U.S. stocks were mixed after the close on Friday, with gains in the Technology, Consumer Goods and Utilities sectors led shares higher and losses in the Oil & Gas, Financials and Telecoms sectors. At the close in NYSE, the Dow Jones Industrial Average lost 0.75%, while the S&P 500 index fell 0.14%, and the NASDAQ Composite index added 0.40%. U.S. Treasuries trimmed a rally, with the gap between yields on five-year and 30-year maturities near the lowest since March 2020, over concerns that the Fed could accelerate the drawdown of its bond-buying program.
European stocks ended in the red on Friday, clocking their first weekly decline in seven weeks on concerns over the economic damage from fresh COVID-19 lockdowns in the region that hammered cyclical sectors such as banks and automakers. The pan-European STOXX 600 index fell 0.3% after hovering near record highs earlier in the session. The index ended the week 0.1% lower. At the close in Paris, the CAC 40 lost 0.42%, while the SBF 120 index lost 0.49%. At the close in Frankfurt, the DAX lost 0.38%, while the MDAX index fell 0.15%, and the TecDAX index added 0.51%. European Central Bank President Christine Lagarde said inflation in the euro zone will fade so the ECB should not tighten policy as it could choke off the recovery, and hinted at continued bond purchases next year. The ECB is due to decide on the future of its bond-purchase programs at its Dec. 16 policy meeting.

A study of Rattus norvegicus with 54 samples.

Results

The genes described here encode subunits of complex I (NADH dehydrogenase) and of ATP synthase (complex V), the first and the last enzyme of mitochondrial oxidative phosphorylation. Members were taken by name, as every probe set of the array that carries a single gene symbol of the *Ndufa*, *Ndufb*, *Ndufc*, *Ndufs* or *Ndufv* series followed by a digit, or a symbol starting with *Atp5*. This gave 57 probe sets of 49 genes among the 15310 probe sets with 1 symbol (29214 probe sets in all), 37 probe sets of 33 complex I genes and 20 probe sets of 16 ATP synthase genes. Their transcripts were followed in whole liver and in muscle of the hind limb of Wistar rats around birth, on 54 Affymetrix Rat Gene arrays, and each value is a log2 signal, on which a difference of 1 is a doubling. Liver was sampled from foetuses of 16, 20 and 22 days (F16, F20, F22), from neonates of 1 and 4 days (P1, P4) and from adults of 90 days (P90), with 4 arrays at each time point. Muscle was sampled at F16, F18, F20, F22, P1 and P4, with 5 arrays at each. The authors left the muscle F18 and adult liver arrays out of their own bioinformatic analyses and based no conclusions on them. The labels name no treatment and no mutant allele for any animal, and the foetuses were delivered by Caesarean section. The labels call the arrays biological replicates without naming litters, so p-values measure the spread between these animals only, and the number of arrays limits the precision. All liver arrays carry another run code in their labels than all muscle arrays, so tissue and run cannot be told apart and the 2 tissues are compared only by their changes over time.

Asia Pacific stocks were mixed on Monday morning. Japan’s Nikkei 225 was up 0.095%. South Korea’s KOSPI jumped 1.42%, with the Bank of Korea due to hand down its policy decision on Thursday. In Australia, the ASX 200 was down 0.59% while Hong Kong’s Hang Seng Index inched down 0.35% towards the close.
The Russian stock market, which started trading with confident growth, ended Friday with a significant drop in indices. The Moscow Exchange index fell by 1.89% and amounted to 4016.47 points. The RTS index fell 2.17% to 1,723.74 points.
Oil prices fell about 3% to below $80 a barrel on Friday as surging COVID-19 cases in Europe threatened to slow the economic recovery while investors also weighed a potential release of crude reserves by major economies to cool prices. Brent futures for January fell $2.35, or 2.9%, to settle at $78.89 a barrel.